Virunga National Park occupies a large area encompassing a variety of habitats. It is situated in north-eastern DR Congo, and is contiguous with Semliki, Rwenzori and Queen Elizabeth National Parks and Mgahinga Gorilla Park (IBAs UG009, UG005, UG007 and UG001 respectively) in Uganda and Volcans National Park in Rwanda (RW002). It extends from the Rwenzori range, south through Lake Edward (the DR Congo part of which is entirely contained within the park) and the chain of volcanoes, just north of the town of Goma, to Lake Kivu. Some of the volcanoes are still active; Nyiragongo, the highest on the DR Congo side of the border, last erupted in 1977. Altitudes vary between 798 m in the lower plains and 3,470 m on the top of the Nyiragongo, to 5,110 m on Margherita Peak (Mount Stanley), Africa’s third-highest mountain, in the Rwenzori range. Rainfall is equally diverse, averaging between 500 mm per year at Lake Edward to more than 3,000 mm on the slopes of the Rwenzori. The variety of altitudes, soils and rainfall produces very diverse habitats, comprising lakes, marshy deltas and peatbogs, grasslands and wooded savanna, lava-plains, transition forest, montane rainforest, bamboo forest and high-altitude areas with Hagenia, Lobelia, Dendroscenecio, Erica and Philippia and, finally, glaciers and snow-fields. A significant portion of the Semliki Forest, shared with Uganda, occurs within the park, where it is known locally as the Watalinga forest. The steep western slopes of Rwenzori, which meet abruptly with the alluvial plain of the Semliki, are one of the wettest areas in the country, with frequent rain even during the ‘dry’ season and an average annual rainfall of more than 3,000 mm. Hot springs occur in the Rwindi plain. The park is known to support a greater biological diversity than any other single protected area in Africa. Agriculture and animal husbandry are the main economic activities of the region, an increasing amount of which occur within park limits. Fishing occurs on Lake Edward; several fisherman’s villages, of which Vitshumbi is the largest, are situated on the lake shores.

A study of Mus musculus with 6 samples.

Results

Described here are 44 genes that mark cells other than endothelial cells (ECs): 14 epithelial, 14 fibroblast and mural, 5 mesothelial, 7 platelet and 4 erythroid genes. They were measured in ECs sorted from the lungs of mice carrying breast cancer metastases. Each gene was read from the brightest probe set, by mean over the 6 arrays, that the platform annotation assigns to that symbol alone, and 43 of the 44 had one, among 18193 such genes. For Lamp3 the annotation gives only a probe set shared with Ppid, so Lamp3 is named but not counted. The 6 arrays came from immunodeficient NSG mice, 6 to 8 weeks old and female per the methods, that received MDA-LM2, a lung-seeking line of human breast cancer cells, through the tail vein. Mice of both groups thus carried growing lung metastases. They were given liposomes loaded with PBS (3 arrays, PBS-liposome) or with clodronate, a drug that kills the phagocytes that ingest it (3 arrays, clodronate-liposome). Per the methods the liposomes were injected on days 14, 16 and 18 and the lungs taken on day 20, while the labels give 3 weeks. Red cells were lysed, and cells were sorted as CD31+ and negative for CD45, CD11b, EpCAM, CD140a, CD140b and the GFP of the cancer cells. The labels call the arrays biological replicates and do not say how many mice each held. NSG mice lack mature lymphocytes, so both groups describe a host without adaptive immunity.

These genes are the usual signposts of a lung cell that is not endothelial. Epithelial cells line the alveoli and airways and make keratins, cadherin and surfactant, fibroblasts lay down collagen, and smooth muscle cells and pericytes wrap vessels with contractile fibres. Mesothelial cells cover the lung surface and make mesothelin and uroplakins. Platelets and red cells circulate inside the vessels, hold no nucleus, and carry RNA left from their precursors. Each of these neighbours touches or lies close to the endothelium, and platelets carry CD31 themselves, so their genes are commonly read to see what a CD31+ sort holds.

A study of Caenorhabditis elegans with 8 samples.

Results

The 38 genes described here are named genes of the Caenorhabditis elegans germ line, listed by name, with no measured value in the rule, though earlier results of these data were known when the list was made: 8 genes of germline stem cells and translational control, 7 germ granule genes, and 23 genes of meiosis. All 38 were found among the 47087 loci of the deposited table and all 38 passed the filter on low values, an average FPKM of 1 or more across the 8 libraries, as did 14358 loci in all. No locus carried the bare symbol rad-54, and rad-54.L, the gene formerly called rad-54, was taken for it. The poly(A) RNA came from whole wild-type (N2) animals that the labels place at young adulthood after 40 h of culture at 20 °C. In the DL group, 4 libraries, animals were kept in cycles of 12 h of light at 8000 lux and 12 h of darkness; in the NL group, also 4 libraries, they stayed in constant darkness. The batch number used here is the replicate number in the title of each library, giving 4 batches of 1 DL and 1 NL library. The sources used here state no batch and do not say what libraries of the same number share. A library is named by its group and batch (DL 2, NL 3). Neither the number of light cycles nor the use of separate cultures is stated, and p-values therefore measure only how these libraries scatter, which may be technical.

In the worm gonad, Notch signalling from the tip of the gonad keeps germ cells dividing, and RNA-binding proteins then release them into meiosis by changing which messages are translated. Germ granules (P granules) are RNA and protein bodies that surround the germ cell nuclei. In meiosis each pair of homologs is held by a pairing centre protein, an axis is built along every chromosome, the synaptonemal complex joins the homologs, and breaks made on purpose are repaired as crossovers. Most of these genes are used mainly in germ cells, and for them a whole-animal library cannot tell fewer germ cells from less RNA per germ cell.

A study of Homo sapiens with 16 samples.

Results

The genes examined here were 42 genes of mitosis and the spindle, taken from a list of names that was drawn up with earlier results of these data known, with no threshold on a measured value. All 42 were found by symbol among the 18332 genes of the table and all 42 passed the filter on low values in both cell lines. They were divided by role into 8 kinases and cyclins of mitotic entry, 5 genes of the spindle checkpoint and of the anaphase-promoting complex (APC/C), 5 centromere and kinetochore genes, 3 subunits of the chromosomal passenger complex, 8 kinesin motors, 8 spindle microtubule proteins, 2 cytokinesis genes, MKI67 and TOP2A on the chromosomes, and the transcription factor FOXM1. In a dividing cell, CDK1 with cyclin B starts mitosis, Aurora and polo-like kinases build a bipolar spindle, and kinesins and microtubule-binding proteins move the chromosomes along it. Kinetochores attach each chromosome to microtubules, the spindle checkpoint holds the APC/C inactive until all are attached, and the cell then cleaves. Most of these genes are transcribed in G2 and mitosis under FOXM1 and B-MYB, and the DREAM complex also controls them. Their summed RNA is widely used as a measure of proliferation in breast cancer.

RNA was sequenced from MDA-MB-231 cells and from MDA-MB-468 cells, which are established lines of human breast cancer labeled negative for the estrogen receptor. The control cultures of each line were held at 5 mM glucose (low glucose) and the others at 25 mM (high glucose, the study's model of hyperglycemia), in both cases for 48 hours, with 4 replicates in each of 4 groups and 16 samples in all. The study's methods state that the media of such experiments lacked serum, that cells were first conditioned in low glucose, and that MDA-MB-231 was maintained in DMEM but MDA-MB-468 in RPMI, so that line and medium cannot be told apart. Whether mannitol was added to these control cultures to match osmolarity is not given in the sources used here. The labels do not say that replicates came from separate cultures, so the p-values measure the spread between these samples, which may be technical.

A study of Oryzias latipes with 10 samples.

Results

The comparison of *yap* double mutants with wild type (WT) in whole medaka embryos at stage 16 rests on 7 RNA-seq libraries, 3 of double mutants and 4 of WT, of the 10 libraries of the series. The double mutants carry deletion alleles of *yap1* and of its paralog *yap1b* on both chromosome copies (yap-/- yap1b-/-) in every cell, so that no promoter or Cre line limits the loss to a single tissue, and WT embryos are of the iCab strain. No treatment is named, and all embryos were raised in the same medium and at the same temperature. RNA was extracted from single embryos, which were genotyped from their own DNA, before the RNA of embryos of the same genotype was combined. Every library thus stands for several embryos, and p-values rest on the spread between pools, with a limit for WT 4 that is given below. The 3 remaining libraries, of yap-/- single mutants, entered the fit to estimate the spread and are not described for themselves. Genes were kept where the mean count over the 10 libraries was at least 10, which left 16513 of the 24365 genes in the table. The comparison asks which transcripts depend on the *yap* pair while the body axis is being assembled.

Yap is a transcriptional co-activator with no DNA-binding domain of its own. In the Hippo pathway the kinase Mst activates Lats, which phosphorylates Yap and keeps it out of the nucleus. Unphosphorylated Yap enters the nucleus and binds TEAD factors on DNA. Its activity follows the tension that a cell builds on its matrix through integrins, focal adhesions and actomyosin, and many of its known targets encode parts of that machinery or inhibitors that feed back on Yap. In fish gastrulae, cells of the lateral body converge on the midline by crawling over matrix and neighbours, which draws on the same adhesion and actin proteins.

See Box and Tables 2 and 3 for key species. Species of interest known to occur include Prionops alberti, Bradypterus graueri and Cryptospiza shelleyi. Other species of global conservation concern that may be expected to occur are Indicator pumilio, Coracina graueri, Malaconotus lagdeni, Chloropeta gracilirostris, Eremomela turneri and Nectarinia rockefelleri. Nectarinia stuhlmanni is only known from the Rwenzori range. Phoenicopterus minor has been observed several times at Lake Edward and has once made an unsuccessful breeding attempt (c.1,000 birds in 1974). In addition, one species of the Eastern DR Congo lowlands EBA and one of the Sudan–Guinea Savanna biome have been recorded (see Tables 2 and 3).
Non-bird biodiversity: In total, 177 mammal species have been identified and it is estimated that the actual number may approach 200, making Virunga National Park one of the richest protected areas for mammals in the world. About half of DR Congo’s mammal species occur in the park which covers about 0.3 % of the country’s surface. The park is renowned for its population of the endangered Gorilla gorilla beringei (CR). Other species include Pan troglodytes schweinfurthii (EN), Cercopithecus l’hoesti rutshuricus (LR/nt), C. hamlyni (LR/nt), Panthera leo (VU), Loxodonta africana (EN), Okapia johnstoni (LR/nt) and Tragelaphus euryceros (LR/nt). The population density of Hippopotamus amphibius used to be among the highest known.
Pressure/threats to key biodiversity
The park was originally established in 1925 as Albert National Park. It was subsequently extended several times, became Virunga National Park in 1969 and was declared a World Heritage Site in 1979. It is managed by ICCN and has benefited from foreign aid and a long tradition of scientific research. The Virungas used to be the main tourist attraction in the country, which contributed greatly to the protection of the area. Since the start of the political turmoil in the region, however, tourism has collapsed. The region suffers from a very high population pressure; the fertile lands of Kivu have always been among the most densely populated areas of the country and this situation has been dramatically aggravated by the arrival of hundreds of thousands of refugees from Rwanda. Deforestation and poaching have increased enormously and reached critical levels. The forest in the southern part of the park has been completely cut down for firewood by the refugees. A WWF-project that was, among other things, set up to stimulate the planting of trees, had to be discontinued for security reasons when the refugee camps were established. At the end of 1996, fighting between rebel and government forces had destroyed most of the park’s infrastructure and many of the guards fled and some were killed. The International Gorilla Conservation Programme has continued to operate throughout the troubles and is working to ensure the safe return of park staff and to rebuild the infrastructure so that the park’s protection and the gorilla monitoring programme can be restored. The northern sector of the park, including the Rwenzori, is highly threatened and currently inaccessible due to the presence of rebels including from neighbouring Uganda.